Land sale negotiations Oked by council

Published 12:00 am Saturday, December 18, 1999

ERIK SANZENBACH / L’Observateur / December 18, 1999

LAPLACE – After receiving an appraisal on the 1.5 acres of land next to thePercy Hebert Building, the St. John Parish Council has authorized theparish administration to start negotiating for its sale.

Councilman Joel McTopy brought up the matter at Tuesday’s council meeting when he announced the appraisal for the land was $1.25 milliondollars, $250,000 more than what Newton Old Acres McDonald had offered several months ago. If the parish sold the parcel of land it would be usedfor a Walgreen’s pharmacy.

McTopy was glad the land had been appraised. In the original deal, NewtonOld Acres McDonald wanted to swap the land for the old car dealership farther down Airline Highway.

“If we had done that,” McTopy said, “it would have been the most expensive parcel of land ever traded in St. John Parish history.”McTopy had several reasons as to why the parish should sell the land.

First, he said, the parish could use the money to help defray costs of a new animal shelter and the new sewerage system.

He said he was also troubled by the fact he had heard talk that if Walgreen’s did not get the land next to the Percy Hebert Building, it would buy into the shopping mall right next door and force The Finish Line, an off-track betting and video poker business, to close.

“This would mean a loss of $200,000 to the parish,” said McTopy.

The taxes from off-track betting and video poker go straight into the recreation department.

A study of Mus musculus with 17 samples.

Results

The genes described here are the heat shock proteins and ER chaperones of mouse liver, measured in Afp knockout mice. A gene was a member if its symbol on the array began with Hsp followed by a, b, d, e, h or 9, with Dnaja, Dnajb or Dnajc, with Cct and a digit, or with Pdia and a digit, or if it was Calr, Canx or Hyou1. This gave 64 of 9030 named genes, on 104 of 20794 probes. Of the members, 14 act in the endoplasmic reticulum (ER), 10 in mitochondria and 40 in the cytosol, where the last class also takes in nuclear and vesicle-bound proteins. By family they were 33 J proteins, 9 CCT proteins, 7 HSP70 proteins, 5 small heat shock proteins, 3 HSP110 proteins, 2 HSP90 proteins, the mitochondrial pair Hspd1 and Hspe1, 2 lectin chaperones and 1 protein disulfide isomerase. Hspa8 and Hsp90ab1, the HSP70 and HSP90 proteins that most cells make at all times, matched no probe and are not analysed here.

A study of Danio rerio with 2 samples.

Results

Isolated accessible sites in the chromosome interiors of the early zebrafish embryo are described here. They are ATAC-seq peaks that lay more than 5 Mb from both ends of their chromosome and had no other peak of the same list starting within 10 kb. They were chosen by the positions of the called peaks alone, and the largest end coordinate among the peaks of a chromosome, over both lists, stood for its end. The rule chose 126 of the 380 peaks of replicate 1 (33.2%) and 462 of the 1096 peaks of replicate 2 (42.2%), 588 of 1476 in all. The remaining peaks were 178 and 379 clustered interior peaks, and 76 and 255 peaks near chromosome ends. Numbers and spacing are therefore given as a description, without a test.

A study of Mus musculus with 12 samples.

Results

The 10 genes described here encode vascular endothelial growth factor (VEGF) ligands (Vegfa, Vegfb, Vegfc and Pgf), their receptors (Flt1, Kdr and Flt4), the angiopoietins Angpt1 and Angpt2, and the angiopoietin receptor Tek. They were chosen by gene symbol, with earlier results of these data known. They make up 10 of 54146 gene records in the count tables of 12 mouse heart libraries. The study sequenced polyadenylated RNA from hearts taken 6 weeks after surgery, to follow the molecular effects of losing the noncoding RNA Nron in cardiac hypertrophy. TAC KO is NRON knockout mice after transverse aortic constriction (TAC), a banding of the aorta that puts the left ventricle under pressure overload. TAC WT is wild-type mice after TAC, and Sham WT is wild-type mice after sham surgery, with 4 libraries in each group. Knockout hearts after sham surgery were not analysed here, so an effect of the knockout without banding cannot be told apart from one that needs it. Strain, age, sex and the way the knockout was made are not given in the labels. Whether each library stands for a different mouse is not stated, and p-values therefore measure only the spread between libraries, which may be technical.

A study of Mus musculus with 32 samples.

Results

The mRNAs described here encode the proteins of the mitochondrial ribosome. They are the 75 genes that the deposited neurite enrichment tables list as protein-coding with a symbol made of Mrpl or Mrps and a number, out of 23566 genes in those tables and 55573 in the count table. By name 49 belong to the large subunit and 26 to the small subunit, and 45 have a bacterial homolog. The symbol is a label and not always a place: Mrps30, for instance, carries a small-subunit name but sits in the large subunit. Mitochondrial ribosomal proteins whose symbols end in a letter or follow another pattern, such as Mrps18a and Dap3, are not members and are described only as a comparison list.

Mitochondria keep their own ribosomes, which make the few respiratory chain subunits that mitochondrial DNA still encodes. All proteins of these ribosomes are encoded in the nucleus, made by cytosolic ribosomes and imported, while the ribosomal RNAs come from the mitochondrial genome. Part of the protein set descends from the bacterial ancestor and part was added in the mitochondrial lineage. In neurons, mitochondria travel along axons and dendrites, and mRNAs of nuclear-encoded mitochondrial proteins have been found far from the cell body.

Council member Steve Thornton said he had heard the same thing and added The Finish Line didn’t have a place to re-locate in case Walgreen’s bought the mall.

“We can’t afford to lose that money,” said Thornton.

Kevin Duhon said the next council should decide how the next money is spent, and he moved that the council authorize the administration to sell the property.

“It’s time to put this baby to rest,” Duhon said.

But Ranney Wilson was not convinced the sale would do the parish any good.

“I don’t like to be forced into such decisions,” he said. “I’m not concernedabout the OTB at all. We have three truck stops being built right now thatwill have a total of 50 video poker machines. I don’t like to be threatened.”When contacted, the manager of The Finish Line said he could not say what was going to happen because he didn’t know anything himself.

Council President Duaine Duffy said he thinks patience should be the catchword in the discussion.

“Does the decision need to be made tonight, or in January?” he asked fellow council members. “I’m not in favor of selling the land right now.The value of the land might increase.”Duffy and Chief Administrative Officer Pat McTopy reminded the council that to subdivide and sell the land an ordinance was needed and not a motion.

By a vote of 5-4, the council authorized the parish administration to start negotiating a sale and to make up ordinances to subdivide and sell the land. Members also OKed a survey of the acreage. McTopy, Duffy, Wilsonand Perry Bailey voted against the motion.

In other council business:Dale Madere will be recommended to the State Supreme Court to fill the unexpired term of Eliana DeFrancesch District 4 Justice of the Peace.

DeFrancesch recently won the Clerk of Court race. Madere, who was aJustice of the Peace from 1974-1978, said he knows the duties and is experienced.

According to federal law, Madere cannot run for the office once the term has expired.

State Rep. Bobby Faucheux and State Sen. Ron Landry presented twogrants to the parish for improvements on area parks. One grant for$50,000 goes to Woodland Park, and another $55,000 goes to help build a park on the west bank.

Faucheux told the council that local state legislators have managed to get $587,000 in grant money for the area in the last four years.